A bone-anchored hearing aid (BAHA) is a type of hearing aid based on bone conduction. It is primarily suited for people who have conductive hearing losses, unilateral hearing loss, single-sided deafness and people with mixed hearing losses who cannot otherwise wear 'in the ear' or 'behind the ear' hearing aids. They are more expensive than conventional hearing aids, and their placement involves invasive surgery which carries a risk of complications, although when complications do occur, they are usually minor.
Two of the causes of hearing loss are lack of function in the inner ear (cochlea) and when the sound has problems in reaching the nerve cells of the inner ear. Examples of the first include age-related hearing loss and hearing loss due to noise exposure. A patient born without external ear canals is an example of the latter for which a conventional hearing aid with a mould in the ear canal opening would not be effective. Some with this condition have normal inner ear function, as the external ear canal and the inner ear are developed at different stages during pregnancy. With normal inner anatomy, sound conducted by the skull bone improves hearing.
A vibrator with a steel spring over the head or in heavy frames of eyeglasses pressed towards the bone behind the ear has been used to bring sound to the inner ear. This has, however, several disadvantages, such as discomfort and pain due to the pressure needed.The sound quality is also impaired as much of the sound energy is lost in the soft tissue over the skull bone,particularly for the higher sound frequencies important for speech understanding in noise.
Bone-anchored hearing aids use a surgically implanted abutment to transmit sound by direct conduction through bone to the inner ear, bypassing the external auditory canal and middle ear. A titanium prosthesis is surgically embedded into the skull with a small abutment exposed outside the skin. A sound processor sits on this abutment and transmits sound vibrations to the titanium implant. The implant vibrates the skull and inner ear, which stimulate the nerve fibers of the inner ear, allowing hearing.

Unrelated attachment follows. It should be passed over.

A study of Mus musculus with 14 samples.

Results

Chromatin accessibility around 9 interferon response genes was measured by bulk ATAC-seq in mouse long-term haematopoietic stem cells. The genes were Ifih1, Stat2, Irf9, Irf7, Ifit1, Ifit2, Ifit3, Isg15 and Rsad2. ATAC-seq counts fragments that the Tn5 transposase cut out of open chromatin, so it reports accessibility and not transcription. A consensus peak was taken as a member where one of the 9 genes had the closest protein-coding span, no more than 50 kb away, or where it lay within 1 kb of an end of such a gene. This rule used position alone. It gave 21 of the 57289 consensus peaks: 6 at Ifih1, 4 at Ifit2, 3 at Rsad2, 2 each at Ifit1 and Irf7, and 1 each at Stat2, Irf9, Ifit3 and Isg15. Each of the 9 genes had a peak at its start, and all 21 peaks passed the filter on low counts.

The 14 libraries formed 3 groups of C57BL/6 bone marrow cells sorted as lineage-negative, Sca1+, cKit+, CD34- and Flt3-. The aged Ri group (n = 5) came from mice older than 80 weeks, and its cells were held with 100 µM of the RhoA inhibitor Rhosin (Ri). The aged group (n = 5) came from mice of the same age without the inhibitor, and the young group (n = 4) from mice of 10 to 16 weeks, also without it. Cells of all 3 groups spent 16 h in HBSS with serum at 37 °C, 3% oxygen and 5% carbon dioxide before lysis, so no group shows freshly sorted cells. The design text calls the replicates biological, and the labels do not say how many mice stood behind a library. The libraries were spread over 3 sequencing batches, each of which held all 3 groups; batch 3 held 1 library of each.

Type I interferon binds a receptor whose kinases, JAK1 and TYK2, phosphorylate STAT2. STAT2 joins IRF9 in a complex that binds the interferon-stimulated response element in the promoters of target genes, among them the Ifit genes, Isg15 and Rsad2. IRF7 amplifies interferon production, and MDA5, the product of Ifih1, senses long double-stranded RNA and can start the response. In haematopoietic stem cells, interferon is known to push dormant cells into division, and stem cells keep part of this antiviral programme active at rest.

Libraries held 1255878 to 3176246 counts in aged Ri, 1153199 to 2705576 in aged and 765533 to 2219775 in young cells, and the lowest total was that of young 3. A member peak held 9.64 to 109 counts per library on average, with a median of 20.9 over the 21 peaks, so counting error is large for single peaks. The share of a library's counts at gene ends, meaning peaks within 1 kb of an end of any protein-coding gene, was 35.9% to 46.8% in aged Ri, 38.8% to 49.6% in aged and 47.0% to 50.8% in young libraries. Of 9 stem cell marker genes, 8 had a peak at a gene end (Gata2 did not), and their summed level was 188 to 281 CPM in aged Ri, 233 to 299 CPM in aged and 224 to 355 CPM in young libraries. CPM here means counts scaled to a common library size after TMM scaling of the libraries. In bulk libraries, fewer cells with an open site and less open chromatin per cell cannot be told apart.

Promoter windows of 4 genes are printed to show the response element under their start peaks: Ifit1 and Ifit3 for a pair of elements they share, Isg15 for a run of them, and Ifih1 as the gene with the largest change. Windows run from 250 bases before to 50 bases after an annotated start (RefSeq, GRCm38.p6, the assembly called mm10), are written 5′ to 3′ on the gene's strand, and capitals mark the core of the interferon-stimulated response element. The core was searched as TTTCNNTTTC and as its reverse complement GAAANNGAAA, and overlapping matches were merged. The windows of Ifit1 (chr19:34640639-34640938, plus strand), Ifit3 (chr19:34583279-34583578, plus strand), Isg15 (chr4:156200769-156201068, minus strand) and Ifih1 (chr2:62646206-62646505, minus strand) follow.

The surgery is often performed under local anesthesia and as an outpatient procedure. An important piece of information for patients is that if they for whatever reason are not satisfied with the BAHA solution, removing the implant is easy. No other ear surgical procedure is reversible like this.
By bypassing the outer or middle ear, BAHA can increase hearing in noisy situations and help localise sounds. In addition to improved speech understanding, it results in a natural sound with less distortion and feedback compared with conventional hearing aids. The ear canal is left open for comfort, and helps to reduce any problems caused by chronic ear infections or allergies. In patients with single-sided sensorineural deafness, BAHA sends the sound by the skull bone from the deaf side to the inner ear of the hearing side. This transfer of sound gives a 360° sound awareness.